Andrew Carnegie’s gold key on display to mark re-opening of Kirkcaldy theatre

A gold key given to philanthropist Andrew Carnegie when he opened the Adam Smith Theatre in Kirkcaldy is going on show to mark the venue’s long-awaited re-opening.

Keys were gifted to the Dunfermline-born steel magnate and the widow of Kirkcaldy linoleum manufacturer, Michael Beveridge, who funded the theatre’s construction. They are being reunited for the first time since 1899 and will go on show together for 12 months at Kirkcaldy Galleries – across the road from the revamped theatre. It is the first time the Carnegie key has been exhibited in more than 10 years.


The gold key given to Andrew Carnegie in 1899 is set to go on display in Kirkcaldy (Pic: OnFife)The gold key given to Andrew Carnegie in 1899 is set to go on display in Kirkcaldy (Pic: OnFife)
The gold key given to Andrew Carnegie in 1899 is set to go on display in Kirkcaldy (Pic: OnFife)

The marble bust is part of the extensive art collection managed by cultural charity OnFife, which runs the theatre – now transformed into a multi-purpose creative hub.

Speaking at the opening in 1899, Carnegie declared the venue ‘suitable for concerts, charades, private theatricals, meetings of philanthropic committees, lectures upon interesting and instructive topics and entertainments of all kinds’.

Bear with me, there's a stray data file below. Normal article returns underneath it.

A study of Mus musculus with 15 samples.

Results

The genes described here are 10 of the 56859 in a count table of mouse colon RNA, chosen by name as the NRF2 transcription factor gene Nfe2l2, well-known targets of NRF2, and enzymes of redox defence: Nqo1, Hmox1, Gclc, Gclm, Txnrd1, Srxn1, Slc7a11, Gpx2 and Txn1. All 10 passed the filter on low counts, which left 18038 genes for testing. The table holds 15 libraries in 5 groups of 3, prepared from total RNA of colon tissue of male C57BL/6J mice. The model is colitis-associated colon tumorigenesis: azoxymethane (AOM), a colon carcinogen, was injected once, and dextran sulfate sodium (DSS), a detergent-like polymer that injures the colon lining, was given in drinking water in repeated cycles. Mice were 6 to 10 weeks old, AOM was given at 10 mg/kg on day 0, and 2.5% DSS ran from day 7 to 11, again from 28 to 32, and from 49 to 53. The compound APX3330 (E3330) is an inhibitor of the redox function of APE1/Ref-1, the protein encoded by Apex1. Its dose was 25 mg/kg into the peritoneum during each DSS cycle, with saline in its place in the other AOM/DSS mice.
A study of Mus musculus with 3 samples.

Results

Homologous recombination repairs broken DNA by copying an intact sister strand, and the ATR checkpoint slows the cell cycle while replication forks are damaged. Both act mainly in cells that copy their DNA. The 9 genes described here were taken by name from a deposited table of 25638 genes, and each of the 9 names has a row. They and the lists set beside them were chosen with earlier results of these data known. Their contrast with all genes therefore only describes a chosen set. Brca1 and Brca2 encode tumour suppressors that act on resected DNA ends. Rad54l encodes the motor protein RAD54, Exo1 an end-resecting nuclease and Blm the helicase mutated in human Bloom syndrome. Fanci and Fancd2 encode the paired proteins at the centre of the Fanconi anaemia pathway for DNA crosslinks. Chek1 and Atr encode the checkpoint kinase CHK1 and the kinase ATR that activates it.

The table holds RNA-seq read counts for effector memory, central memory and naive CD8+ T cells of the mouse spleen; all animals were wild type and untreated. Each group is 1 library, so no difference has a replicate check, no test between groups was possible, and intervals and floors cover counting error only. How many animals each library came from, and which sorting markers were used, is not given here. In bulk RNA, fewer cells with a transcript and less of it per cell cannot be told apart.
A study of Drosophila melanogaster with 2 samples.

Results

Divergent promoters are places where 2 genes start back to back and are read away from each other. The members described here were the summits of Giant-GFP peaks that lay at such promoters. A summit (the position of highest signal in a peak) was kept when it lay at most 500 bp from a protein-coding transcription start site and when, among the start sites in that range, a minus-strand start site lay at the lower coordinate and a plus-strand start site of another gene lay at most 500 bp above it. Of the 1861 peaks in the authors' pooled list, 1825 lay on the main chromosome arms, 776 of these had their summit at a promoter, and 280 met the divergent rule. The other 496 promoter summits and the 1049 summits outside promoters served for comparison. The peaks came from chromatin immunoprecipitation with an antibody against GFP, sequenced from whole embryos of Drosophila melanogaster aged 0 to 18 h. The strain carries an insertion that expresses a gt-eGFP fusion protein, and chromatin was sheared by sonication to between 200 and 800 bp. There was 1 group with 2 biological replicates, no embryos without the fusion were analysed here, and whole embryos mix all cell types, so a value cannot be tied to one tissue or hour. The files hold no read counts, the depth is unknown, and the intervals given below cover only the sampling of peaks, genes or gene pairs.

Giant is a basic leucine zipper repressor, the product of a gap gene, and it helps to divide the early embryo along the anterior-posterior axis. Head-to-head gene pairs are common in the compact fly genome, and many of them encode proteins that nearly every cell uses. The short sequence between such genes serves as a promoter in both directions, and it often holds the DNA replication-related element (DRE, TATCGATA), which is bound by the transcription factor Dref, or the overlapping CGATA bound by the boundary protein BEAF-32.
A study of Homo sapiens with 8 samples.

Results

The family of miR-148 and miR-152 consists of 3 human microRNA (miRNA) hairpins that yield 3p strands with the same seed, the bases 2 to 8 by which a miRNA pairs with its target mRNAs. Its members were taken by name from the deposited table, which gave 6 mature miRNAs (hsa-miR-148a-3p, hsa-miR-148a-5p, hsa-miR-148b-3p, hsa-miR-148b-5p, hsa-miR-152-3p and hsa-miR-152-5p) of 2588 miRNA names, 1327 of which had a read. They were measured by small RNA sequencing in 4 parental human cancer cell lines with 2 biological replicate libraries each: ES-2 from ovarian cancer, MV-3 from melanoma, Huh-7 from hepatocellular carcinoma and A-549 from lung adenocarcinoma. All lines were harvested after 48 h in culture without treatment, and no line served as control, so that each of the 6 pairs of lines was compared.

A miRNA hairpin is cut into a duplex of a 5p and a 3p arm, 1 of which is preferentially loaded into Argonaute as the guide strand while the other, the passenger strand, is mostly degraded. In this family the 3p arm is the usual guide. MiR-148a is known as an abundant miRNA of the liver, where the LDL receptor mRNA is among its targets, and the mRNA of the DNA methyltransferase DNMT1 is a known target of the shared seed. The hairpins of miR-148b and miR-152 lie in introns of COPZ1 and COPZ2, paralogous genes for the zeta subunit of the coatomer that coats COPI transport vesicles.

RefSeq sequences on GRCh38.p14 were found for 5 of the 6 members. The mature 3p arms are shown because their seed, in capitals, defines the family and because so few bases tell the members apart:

Accepting his ceremonial key from Mrs Elizabeth Beveridge, Carnegie said: “This key, presented in any circumstances, would have been precious beyond price. Coming, madame, from you, the honoured wife of one of the benefactors of Kirkcaldy, I assure you this key must ever derive and retain tenfold value and (will be) handed down in our family as one of its most precious heirlooms.”


The philanthropist’s key is being loaned by the Andrew Carnegie Birthplace Museum. Mrs Beveridge’s keepsake is on long-term display at Kirkcaldy Galleries.

Gavin Grant , OnFife’s collections team leader said: “The theatre’s reopening is a wonderful opportunity to reunite the two presentation keys for the first time since 1899. We’re delighted that visitors to Kirkcaldy Galleries can view these significant objects from the town's history over the coming year.”